Looking for nature resorts, swimming and cycling in Belgrade? We have a couple of suggestions for you.
Ada Ciganlija, colloquially shortened to Ada is a river island that has been turned into an artificial peninsula in the river Sava’s course through central Belgrade. The name also refers to the adjoining artificial Sava Lake and its beach. In an effort to urbanize the once inaccessible marsh notorious for executions of prisoners sentenced to death, thus taking advantage of its central location, over the past few decades, it has morphed into an immensely popular recreational zone, the most notable for its beaches and sports facilities, which over the summer attract more than 100,000 visitors on a daily basis, and up to 300,000 visitors over the weekend. Due to its popularity, Ada Ciganlija has been nicknamed ‘More Beograda’ (Belgrade’s Sea). This was officially accepted as an advertising slogan in 2008.
The only way to get to one of the most popular natural beaches in the vicinity of the Serbian capital, called “Bela Stena” (The White Rock), is by boat. This swimming spot is located near Pančevo, only 10 kilometers downstream from Belgrade. At the very confluence of the river Tamiš there is a weekend resort with around 150 stilt houses, catering facilities and a long sand-filled beach which resembles Zemunski Kej (Zemun Quay). Boats that transport people to this beach start from two sides: Belgrade (the suburb of Višnjica) and Banat.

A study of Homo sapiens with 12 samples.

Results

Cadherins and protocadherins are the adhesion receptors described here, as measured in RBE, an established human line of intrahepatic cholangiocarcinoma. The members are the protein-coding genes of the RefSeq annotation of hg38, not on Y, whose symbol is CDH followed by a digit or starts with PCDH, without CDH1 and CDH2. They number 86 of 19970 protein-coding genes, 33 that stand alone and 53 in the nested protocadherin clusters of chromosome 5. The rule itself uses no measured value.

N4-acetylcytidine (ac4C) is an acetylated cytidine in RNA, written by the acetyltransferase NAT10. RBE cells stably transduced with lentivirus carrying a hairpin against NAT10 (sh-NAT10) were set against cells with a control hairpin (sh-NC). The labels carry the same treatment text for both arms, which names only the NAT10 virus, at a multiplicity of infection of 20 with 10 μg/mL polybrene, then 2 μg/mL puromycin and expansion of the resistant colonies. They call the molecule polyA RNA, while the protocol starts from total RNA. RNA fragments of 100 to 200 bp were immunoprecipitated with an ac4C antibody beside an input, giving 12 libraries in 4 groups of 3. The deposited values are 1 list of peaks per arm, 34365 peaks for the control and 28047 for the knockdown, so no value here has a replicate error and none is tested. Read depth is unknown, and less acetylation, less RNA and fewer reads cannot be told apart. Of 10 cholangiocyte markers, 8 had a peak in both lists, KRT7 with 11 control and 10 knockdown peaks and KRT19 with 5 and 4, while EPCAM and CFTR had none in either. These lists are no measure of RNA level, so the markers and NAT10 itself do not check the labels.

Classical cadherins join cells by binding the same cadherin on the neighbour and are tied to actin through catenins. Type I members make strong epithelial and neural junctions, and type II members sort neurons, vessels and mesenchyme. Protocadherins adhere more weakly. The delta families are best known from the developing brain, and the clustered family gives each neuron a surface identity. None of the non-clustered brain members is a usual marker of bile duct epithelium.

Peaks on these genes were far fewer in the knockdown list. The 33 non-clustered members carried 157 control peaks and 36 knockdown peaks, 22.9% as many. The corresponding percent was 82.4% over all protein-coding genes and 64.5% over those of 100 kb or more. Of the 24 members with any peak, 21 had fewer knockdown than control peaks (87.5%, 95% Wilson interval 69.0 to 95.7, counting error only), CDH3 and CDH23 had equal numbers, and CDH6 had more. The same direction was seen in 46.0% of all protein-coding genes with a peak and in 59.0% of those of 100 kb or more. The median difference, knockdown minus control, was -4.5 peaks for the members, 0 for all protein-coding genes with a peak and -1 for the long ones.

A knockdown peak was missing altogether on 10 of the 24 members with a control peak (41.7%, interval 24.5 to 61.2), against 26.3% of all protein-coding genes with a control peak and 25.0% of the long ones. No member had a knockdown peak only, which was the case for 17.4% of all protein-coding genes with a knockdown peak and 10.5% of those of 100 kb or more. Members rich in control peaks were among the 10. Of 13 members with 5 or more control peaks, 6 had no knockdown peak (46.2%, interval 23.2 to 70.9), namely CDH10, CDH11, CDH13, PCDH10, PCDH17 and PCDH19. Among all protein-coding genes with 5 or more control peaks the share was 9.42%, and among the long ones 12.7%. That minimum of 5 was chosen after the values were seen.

This beach, a favorite not only of the locals, but also many tourists visiting the Serbian capital in the summer, is located on Belgrade’s Great War Island, in the municipality of Zemun. The Great War Island is one of the symbols of the Serbian capital, and as such a true example of the untouched nature. There are two protected zones next to the ‘Lido’ beach: protected natural zone, which has the status of a special nature reserve, and the so-called recreation zone, which is located in the outer part of the island. It can be reached by a pontoon bridge or a boat.
Dragana Kostica is the Belgrade-based editor in chief and founder of Still in Belgrade art, culture and club scene magazine. She holds a Master of Arts in Cultural Policy and Management in Arts (MA of Arts) and a Bachelor degree in Archaeology.